Sabre & Powder: Tower Of Pazuzi – Solo Story Adventure

The Tower Of Pazuzi is infamous in the region of Southern Carpathia. You are on the trail of an invaluable piece of history known as Pazuzu’s Trove – a collection of artefacts said to unlock the key to magical abilities. As you near your prize, you realise you are walking in the footsteps of the scholar Percival Thomas – now known as the powerful Magus Pazuzi. What echoes of the past affected his destiny? And which of these will also affect yours?

The Story is your own to tell, and your Character is yours to play.


The Carpathian Mountains hold secrets the rest of the world would scarcely wish to comprehend. Though the fear of witches and those who have made pacts with demons is rife throughout the Continent, there is a Tower which stands alone on Mount Negoiu where these practices are welcomed.

 The English philosopher and student of Demonology, Percival Thomas, travelled to Southern Carpathia where he heard tell of the deeds of Erzbert Bathery and her ancestor Vlad the Impaler. Wishing to delve deeper into what drove their macabre behaviour, Thomas spent three years studying the people and the geography of Carpathia. In order to conceal his works he became an accomplished mountaineer and set up a dwelling at an undisclosed location at Mount Negoiu. Using his family’s considerable fortune, he paid for excavations at the Town of Balaci, where the wealth being poured into the region made him a hero to the people. Thomas also gained a loyal following among the Roma people, whom he found had an insight into that which he sought – the origins of the magical beliefs prevalent in the area. By the time Thomas made the discovery that would change his life forever, he already claimed the loyalty of hundreds. All who were aware of his discovery, two dozen of his most loyal followers were sworn to secrecy, and retreated to Thomas’ mountainous base of operations. Years passed, and there were no signs of Thomas or his followers returning. The Town of Balaci still flourished and honoured his memory, venerating Thomas as Saint Percival and ascribing knightly qualities to his endeavours. The established Catholic Church found this to be offensive twofold; firstly for the people to choose their own Saint, and secondly for a Town to receive life-changing investment. The Church declared Percival Thomas to be a heretic and launched a localised crusade to locate his hideout and bring him to trial. Thomas’ network of Roma spies relayed this information to him and his followers made ready their defenses.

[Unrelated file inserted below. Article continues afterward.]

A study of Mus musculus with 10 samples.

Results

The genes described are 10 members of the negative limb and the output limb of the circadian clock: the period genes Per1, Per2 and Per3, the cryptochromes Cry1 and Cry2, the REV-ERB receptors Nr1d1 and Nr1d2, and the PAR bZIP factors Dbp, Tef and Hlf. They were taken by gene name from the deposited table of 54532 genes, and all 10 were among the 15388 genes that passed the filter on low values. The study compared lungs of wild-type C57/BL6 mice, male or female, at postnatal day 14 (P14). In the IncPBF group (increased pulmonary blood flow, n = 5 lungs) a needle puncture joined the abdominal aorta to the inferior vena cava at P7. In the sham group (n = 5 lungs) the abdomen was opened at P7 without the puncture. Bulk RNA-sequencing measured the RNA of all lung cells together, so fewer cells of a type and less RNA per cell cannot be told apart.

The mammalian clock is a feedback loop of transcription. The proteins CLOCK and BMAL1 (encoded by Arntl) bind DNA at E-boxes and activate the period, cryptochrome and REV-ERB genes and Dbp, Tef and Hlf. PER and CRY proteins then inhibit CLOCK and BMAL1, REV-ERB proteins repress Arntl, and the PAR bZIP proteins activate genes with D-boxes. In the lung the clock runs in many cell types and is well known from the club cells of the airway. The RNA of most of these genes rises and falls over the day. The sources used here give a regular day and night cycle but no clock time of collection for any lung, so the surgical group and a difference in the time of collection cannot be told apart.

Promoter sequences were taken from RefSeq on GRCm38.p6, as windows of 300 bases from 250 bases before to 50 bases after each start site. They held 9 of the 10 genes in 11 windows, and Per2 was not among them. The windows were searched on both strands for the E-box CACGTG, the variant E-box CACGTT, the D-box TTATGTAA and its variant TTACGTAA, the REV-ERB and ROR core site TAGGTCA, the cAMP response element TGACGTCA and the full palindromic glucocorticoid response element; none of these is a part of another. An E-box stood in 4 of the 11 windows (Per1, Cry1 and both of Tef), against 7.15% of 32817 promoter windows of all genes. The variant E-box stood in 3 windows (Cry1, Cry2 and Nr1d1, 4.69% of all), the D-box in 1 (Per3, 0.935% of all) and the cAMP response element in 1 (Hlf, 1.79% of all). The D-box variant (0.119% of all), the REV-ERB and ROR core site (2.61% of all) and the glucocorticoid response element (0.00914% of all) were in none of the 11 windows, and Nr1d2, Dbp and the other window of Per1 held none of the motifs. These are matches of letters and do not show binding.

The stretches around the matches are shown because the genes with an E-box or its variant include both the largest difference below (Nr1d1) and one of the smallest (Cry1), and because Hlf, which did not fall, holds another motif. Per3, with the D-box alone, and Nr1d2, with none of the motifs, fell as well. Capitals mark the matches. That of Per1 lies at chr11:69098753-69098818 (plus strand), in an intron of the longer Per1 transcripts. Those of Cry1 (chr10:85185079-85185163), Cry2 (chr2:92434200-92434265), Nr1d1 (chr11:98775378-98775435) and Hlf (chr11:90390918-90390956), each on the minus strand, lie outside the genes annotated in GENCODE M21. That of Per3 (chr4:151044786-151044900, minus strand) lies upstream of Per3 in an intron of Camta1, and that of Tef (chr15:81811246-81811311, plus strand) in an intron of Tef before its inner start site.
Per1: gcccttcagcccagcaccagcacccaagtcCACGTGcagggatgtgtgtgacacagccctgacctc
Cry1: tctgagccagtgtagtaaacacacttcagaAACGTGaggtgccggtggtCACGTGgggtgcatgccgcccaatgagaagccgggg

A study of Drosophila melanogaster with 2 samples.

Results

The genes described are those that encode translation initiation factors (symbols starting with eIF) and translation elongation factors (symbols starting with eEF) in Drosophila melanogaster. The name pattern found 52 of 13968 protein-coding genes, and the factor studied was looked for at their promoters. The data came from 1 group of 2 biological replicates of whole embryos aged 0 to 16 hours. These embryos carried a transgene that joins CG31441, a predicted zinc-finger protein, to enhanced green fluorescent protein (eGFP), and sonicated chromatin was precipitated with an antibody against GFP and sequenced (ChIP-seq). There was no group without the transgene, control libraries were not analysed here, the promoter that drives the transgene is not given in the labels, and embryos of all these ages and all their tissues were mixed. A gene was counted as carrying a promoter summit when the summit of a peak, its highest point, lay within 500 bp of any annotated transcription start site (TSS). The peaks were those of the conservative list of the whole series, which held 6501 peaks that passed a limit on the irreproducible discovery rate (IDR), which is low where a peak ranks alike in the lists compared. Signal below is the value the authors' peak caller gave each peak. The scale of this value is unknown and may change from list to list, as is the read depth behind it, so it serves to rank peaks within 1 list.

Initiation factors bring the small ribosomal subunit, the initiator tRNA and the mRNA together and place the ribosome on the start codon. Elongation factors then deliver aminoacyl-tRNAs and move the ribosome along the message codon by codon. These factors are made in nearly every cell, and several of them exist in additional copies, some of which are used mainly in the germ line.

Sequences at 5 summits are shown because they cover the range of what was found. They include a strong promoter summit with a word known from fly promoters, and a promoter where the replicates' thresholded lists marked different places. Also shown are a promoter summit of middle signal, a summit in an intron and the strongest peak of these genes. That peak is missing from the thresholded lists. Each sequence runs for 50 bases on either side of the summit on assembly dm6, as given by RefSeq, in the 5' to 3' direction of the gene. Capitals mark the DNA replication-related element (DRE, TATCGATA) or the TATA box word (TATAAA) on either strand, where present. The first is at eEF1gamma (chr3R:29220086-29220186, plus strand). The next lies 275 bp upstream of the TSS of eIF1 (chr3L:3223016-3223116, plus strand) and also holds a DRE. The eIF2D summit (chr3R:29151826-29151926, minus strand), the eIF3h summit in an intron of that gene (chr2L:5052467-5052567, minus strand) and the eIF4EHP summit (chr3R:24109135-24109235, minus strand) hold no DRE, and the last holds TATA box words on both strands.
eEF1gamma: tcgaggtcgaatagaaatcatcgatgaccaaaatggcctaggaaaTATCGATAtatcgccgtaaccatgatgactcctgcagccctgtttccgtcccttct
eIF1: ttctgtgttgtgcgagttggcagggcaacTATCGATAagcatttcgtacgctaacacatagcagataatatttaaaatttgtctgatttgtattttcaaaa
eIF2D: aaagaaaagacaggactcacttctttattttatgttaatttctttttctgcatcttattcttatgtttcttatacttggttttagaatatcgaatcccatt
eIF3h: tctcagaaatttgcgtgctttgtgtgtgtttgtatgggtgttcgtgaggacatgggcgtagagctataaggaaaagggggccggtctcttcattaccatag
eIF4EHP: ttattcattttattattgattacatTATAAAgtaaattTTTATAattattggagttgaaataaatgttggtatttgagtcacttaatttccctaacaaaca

For in the twenty that had passed, the Tower of Pazuzi had been constructed. The coming conflict was welcomed. The New Mesopotamians, the community who dwelled within the Tower were keen to test the artefacts and incantations found at the excavation of Balaci. Their leader, now known as Magus Pazuzi, despatched a runner to the Mayor of Balaci declaring that the man known as Percival Thomas lived no more, and gave a detailed description for the location of the Tower Of Pazuzi, to be burned after reading. The Mayor passed this information to the Church, then honoured the request to burn the letter. The Church in turn sent a company of two hundred and fifty soldiers into the mountains. They were never seen again.

 The year is now 1702 and fifty years have passed since Magus Pazuzi sent word to Balaci. No contact has ever been attempted with the Tower Of Pazuzi since that time, and rumours of the fate of the soldiers and of the intentions of the New Mesopotamians vary in superstition. Some claim that they were ambushed and slain, indoctrinated by the Magus, or that they serve the New Mesopotamians as an undead army, loyal to the Magus and his High Priests.